A noontime lunar vision against a clear azure sky is framed by a floral array of sweet-smelling almond blossoms in an orchard on South Airport Way near Nile Garden School. - photo by ROSE ALBANO RISSO
I was trying to focus intently on a bee hovering over a cluster of snow-white almond blossoms. All around me, scores of bees were buzzing. The weather was perfect for pollination - the sun was shining, the skies were clear and blue, and there was no breeze to stir the petals of the flowers that would make focusing somewhat of a challenge. And it was neither too hot nor too cold outside.

All of a sudden, I heard – if not felt - a strong buzzing coming from the side of my head near my left ear. I waved my left hand to scare the wayward bee away from me. The buzzing sound just grew stronger. And the sound I heard sounded angry and desperate. I ran my fingers through my hair to disentangle the pollinator that found itself captive all of a sudden in the stringy mesh. In response, the angry apian creature let loose its stinger and nailed my arm.

If you’ve ever been stung by a bee, you know how painful that feels. And it takes a while before the pain subsides.

But I wasn’t going to be intimidated by a tiny angry insect. I went on with my photographic business. And I would have continued on, but somehow the bee that attacked me attracted the attention - or smell emitted by its distress - of its concerned apian friends. To my horror, more bees were doing kamikazes in the direction of my hair. And that’s when I made a quick exit from the orchard. One bee sting was enough for me that day.

That all goes with the territory though when it comes to the business of photographing the delicate flowers of almond trees. As the saying goes - no pain, no gain - literally in this activity.

Driving my sons to Nile Garden Elementary School early in the morning gave me the perfect opportunity to go on a photo safari among the almond orchards at this time of the year. One morning, I found the flowers and the dainty pink buds of the early blooming almond trees in an orchard along Woodward Avenue sprinkled with tiny translucent pearls. I haven’t seen a similar phenomenon since, and that was about a decade ago.

Sometimes, the simple task of taking pictures of almond blossoms and bees comes with unexpected surprises. Another morning, I was trying to capture the long shadows of blooming old and gnarled almond trees on the grassy ground at another orchard near Sedan Avenue. As I did the photographer’s “dance” of trying to get different angles of the early morning scene, I suddenly heard a whirring noise coming from above me. I slowly turned around to investigate the source of the muffled sound. My eyes went up one of the towering palm trees across the street. My heart skipped a beat when my eyes locked with a pair of somewhat scared round eyes staring out of a white creature that I thought was a cat. I was completely startled, but I somehow managed to zoom my 50-500 mm lens up the palm tree where the creature clung onto the base of the brown fronds. Zooming in even closer to the eyes of what I learned later on was a barn owl was even more startling. I managed to snap a few frames, about a dozen. Then just as quickly as it appeared, the beautiful white owl was gone.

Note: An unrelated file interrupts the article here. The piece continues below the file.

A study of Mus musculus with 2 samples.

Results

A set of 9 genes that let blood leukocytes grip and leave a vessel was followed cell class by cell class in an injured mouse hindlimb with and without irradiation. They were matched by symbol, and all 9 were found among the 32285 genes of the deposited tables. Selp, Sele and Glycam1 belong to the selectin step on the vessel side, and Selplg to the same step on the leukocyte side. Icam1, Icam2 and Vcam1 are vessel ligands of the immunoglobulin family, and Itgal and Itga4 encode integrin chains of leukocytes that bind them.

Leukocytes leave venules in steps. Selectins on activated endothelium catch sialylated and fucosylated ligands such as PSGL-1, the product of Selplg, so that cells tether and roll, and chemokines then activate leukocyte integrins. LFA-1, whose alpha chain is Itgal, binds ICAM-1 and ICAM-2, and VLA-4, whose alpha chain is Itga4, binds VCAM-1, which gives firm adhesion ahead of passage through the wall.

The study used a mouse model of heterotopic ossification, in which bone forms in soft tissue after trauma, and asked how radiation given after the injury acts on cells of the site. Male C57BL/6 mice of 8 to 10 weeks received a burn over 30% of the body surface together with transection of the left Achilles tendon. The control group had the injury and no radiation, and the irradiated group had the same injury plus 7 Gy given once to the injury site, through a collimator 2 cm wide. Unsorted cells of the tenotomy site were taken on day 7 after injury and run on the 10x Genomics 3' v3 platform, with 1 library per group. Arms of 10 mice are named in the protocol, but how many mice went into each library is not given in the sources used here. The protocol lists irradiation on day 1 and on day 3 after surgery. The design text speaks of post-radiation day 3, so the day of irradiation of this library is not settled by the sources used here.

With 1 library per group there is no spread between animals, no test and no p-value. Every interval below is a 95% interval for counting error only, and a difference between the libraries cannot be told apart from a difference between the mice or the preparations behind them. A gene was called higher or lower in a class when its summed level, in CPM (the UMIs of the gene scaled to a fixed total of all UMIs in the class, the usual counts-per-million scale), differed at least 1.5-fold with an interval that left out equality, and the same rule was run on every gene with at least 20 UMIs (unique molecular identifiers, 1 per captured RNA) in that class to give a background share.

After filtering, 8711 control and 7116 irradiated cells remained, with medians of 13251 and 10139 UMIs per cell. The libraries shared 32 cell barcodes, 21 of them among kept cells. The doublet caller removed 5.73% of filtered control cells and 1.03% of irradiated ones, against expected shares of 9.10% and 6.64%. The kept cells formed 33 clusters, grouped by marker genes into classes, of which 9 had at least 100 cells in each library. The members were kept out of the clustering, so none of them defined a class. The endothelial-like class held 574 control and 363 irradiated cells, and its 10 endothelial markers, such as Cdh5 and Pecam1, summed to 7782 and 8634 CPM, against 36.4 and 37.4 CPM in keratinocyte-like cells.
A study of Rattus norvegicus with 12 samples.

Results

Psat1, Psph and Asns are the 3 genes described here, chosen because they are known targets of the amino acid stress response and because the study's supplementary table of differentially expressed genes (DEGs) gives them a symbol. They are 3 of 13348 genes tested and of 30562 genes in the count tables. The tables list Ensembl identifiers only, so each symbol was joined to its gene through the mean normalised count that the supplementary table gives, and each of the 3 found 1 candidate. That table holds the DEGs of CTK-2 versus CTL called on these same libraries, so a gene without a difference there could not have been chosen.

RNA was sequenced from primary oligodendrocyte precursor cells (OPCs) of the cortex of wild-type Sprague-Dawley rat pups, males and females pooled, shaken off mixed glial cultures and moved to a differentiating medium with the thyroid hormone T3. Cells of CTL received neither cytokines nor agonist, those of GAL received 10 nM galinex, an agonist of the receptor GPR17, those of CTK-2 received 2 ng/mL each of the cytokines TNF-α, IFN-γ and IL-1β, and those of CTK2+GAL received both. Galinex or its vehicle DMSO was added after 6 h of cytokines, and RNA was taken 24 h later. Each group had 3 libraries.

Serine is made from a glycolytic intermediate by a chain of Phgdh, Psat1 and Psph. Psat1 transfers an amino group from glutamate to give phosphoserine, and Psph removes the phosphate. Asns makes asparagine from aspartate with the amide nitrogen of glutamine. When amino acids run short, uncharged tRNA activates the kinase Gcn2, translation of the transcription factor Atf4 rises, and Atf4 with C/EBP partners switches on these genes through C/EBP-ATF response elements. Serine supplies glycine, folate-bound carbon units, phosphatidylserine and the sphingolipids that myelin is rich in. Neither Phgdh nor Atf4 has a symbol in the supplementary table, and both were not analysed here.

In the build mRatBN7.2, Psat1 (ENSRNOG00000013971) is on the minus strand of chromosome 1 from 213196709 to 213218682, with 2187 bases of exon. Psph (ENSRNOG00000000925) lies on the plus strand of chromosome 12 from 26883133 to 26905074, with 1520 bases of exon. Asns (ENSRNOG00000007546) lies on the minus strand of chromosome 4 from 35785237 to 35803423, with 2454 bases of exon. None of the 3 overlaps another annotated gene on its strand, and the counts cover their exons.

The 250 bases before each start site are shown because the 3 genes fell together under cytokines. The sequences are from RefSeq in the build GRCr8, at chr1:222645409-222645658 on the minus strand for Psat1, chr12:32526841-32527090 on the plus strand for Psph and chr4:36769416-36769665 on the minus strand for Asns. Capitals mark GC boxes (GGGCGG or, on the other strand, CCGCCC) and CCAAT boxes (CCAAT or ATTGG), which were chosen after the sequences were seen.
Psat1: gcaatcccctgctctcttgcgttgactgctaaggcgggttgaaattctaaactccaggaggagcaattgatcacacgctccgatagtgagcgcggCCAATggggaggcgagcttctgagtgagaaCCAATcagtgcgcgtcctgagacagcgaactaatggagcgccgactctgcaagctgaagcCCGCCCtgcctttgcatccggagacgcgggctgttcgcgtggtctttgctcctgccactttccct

One of the pictures that the barn owl allowed me to take was published by Cornell Lab of Ornithology on their web site. I’m not sure if it’s still there. But the web site still has my picture of a pair of kestrels doing what birds do in the spring on a hire wire. I shot the photo in the same rural area where I encountered the barn owl.

Carrying a camera at all times was a lesson learned from Kim Komenich
Incidents like the above taught me the important lesson of having a camera around at all times. I learned that from Kim Komenich, the Manteca High graduate who won the Pulitzer Prize in photojournalism in the late 1980s when he was working for the San Francisco Examiner.

So now, I always have my camera handy because you never know when that perfect photographic opportunity arises. Such as when I spotted magpies and cowbirds enjoying an early breakfast with the buffaloes in the old Esteves ranch where Atherton Drive on the east side of Union Road intersects today. It was always a treat for me to pull over the side of the cyclone fence and watch the buffaloes grazing or at play, especially when the almond orchards around the ranch were in bloom forming a Kodak-moment backdrop for the exotic animals. On this cold morning, the fearless birds were pecking whatever tasty morsels they found in the same enclosed field where the buffaloes were grazing. Sometimes the birds were right next to the furry animals’ steamy noses. Other times, they were right beneath their bellies and legs. I went click, click, click - the sound was more of a whirr as I let loose my multiple-frame drive - positioning my lens through an opening in the metal fence. After several minutes of that adrenaline rush of excitement, I paused to review the pictures I’ve taken so far. To my horror and absolute frustration, the message in my LCD monitor read: No CF Card.

Oh, well. Another day, another hard lesson learned.